Doctoral defence: Liubov Cherkashchenko “New insights into alphaviral nsP2 functions”

On 10 February at 13:15 Liubov Cherkashchenko will defend her doctoral thesis “New insights into alphaviral nsP2 functions” for obtaining the degree of Doctor of Philosophy (in Biomedical Technology).

Supervisor:
Professor Andres Merits, University of Tartu

Opponent:
Associate Professor Jelke Fros, Wageningen University (Netherlands)

Summary
Over the last decades, the intensive studies of factors/activities responsible for multiple aspects of alphavirus infection have been performed. In particular, our understanding about structures and functions of viral RNA replicase and its components has significantly increased. Novel findings emphasize that one of the first and most essential event in alphavirus infection is processing of the ns polyprotein carried out by its nsP2 region and an individual nsP2; this process not only ensures the release of functional replicase subunits but also determines would these proteins form the active RCs or not. Thus, it is increasingly evident that nsP2 is one of the “main driving forces” of successful RNA replication. Furthermore, due to its versatile functions and various activities nsP2 is involved in other aspects of infection. It is one of the key determinants associated with activation as well as counteracting of antiviral response in infected cells. Therefore, different modifications of the protein, including point mutations, often have drastic impact on alphavirus infection. However, much of the precise mechanisms of P2 action remain enigmatic. What is clear is that nsP2 does not act alone, its activities are modulated by other components of viral replicase.

The current study allowed us to identify and confirm new functions and properties of nsP2 and alphavirus RNA replicase. The general conclusions of this study can be presented as follows:

  1. Alphavirus trans-replicase systems can be applied as a tool for studies of functions of nsP2 associated with inhibition of RC formation/activity. These functions are essential for SIE and are likely related to these used to regulate RNA replication in the alphavirus infected cells. Using trans-replicase systems of CHIKV and SINV, it was found that the key event in SIE is targeting of replicase precursor (P1234) by an individual nsP2 protein and that this ability of nsP2 can be altered by mutations present in its functionally important regions. 
  2. It was found that synthesis of an individual (free) nsP2 in mosquito cells has an inhibitory effect on the alphavirus RC formation/functionality. This is not, however, a result of a single mechanism but results from combination of nsP2 protease-activity dependent mechanism and protease-activity independent mechanisms. The level and dominant mode of inhibition of alphavirus RNA replication depends form the virus, source of free nsP2 and substitutions present in this protein. The protease-activity mediated mechanism is important for suppression of replication of matching virus and relies mostly on ability of nsP2 to cleave 2/3 site in ns polyprotein. For some viruses such as SINV it is also dominant mechanism used to suppress formation of RNA replicases of heterologous alphaviruses.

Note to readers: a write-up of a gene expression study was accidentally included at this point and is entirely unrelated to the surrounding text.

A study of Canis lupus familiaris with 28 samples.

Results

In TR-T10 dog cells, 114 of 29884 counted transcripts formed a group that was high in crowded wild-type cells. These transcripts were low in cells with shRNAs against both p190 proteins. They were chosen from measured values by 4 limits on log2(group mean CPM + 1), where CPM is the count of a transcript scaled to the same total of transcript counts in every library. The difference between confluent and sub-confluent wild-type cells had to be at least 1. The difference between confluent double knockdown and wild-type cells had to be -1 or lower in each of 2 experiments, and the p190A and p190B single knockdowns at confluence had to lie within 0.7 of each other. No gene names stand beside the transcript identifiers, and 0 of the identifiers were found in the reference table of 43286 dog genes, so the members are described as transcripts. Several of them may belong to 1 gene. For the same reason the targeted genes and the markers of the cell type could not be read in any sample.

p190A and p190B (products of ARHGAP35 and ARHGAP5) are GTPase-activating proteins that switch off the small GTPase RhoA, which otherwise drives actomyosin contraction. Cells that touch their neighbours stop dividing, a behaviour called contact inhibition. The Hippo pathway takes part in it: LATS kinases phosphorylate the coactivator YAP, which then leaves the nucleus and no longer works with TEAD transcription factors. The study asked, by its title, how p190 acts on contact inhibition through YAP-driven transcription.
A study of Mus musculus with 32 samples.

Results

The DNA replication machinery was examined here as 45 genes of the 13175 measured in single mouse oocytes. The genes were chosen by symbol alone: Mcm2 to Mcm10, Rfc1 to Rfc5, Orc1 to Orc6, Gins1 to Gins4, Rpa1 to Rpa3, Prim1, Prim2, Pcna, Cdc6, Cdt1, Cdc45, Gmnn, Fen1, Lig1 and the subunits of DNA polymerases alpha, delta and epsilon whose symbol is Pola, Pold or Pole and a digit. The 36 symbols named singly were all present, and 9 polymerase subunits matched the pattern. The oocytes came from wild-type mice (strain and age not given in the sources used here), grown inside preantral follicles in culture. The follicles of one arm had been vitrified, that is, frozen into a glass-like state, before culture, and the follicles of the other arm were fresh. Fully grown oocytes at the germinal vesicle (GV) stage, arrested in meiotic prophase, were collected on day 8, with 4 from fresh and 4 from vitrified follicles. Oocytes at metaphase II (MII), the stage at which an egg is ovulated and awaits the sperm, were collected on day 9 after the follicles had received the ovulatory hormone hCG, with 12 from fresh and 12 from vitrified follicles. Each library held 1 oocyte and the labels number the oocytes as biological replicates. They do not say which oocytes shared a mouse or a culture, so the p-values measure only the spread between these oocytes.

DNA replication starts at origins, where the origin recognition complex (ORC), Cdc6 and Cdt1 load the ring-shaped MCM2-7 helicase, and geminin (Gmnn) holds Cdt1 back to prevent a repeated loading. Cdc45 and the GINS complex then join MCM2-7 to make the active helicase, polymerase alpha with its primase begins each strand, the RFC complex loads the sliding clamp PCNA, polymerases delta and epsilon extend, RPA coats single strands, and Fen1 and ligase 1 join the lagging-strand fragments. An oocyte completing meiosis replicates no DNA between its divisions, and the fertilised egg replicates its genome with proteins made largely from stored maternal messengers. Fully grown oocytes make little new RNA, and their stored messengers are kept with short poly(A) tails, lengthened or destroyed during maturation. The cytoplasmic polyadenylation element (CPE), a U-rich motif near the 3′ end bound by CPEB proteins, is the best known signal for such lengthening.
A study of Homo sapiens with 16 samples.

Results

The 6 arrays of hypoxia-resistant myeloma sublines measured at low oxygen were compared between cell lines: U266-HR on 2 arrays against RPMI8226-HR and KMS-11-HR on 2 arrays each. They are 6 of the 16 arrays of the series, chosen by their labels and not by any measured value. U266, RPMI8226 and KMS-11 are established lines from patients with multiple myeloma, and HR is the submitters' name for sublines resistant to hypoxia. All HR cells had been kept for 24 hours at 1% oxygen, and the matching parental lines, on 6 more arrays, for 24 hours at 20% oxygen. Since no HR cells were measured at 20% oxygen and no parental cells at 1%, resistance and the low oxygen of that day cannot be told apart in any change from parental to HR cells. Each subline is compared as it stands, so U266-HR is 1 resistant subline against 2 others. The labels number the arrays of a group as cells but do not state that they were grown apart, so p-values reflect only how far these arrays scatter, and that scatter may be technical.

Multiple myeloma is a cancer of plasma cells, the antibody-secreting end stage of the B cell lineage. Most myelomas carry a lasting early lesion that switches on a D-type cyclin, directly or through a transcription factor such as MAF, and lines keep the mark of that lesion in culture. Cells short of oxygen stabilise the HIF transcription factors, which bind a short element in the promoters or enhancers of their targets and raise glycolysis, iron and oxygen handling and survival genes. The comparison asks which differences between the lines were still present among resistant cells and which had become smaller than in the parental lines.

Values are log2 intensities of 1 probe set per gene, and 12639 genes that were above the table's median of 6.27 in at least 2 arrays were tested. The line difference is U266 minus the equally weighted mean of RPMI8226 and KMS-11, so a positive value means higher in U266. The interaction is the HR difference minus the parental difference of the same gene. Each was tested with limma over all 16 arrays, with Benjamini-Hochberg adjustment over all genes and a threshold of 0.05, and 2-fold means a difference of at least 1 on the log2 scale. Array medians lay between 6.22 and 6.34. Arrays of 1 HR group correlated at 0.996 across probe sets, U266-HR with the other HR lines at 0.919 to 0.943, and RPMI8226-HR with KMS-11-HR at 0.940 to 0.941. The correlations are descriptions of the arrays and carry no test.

3. nsP2 of SINV and CHIKV can inhibit formation/activity of RNA replicase of heterologous alphavirus using protease-activity independent mechanisms; for nsP2 of CHIKV this is the dominant mechanism to suppress activity of RNA replicases of heterologous alphaviruses. The precise details of protease-activity independent mode of action of nsP2 remain unknown; however, it is clear that this property can be enhanced by introduction of certain mutations into nsP2. It is likely that the protease-activity independent inhibitory effect originates not from a single mechanism but from several mechanisms. 
  4. Trans-replicase of highly pathogenic EEEV was found to be highly active in human and mosquito cells. Splitting of construct of EEEV P1234 expression into two (P123 and nsP4) or three (nsP1, P23 and nsP4) expression construct allowed analysis of requirements of active RC formation. It was found that activity of EEEV RNA replicase depends from correct ratio of P123 (or nsP1+P23) component to nsP4 component and that in contrast to previously studied alphaviruses an excess of nsP4 reduced activity of EEEV RNA replicase. The reduction was due to the decrease of a number of cells were RNA replication was initiated as well as to the reduced RNA replicase activity in such cells. It remains unclear, is this property unique for EEEV RNA replicase.
  5. Natural isolate RRV 2528 was found to be a prominent inducer of type-I IFN expression. This property was associated with specific amino acid substitutions in the nsP2 encoded by this isolate. None of these substitutions or their combination affected ability of RRV to induce shutdown of cellular protein synthesis or level of viral structural proteins expression. Similarly, no effect on the processing of P1234 was detected. Combined, these findings indicate that the excessive type-I IFN induction was not due to the lack of the ability to induce general shutdown of cellular gene expression or due to the defects in RC formation.

Defence can be also followed in Zoom: https://ut-ee.zoom.us/j/94804633358?pwd=dEZ0c0MxMkM5T0VhY3BSMWdna2ZUQT09 (Meeting ID: 948 0463 3358, Passcode: 352223).


On 16 February at 10:15 Kristiina Nõomaa will defend her doctoral thesis“Role of invasive species in brackish benthic community structure and biomass changes”.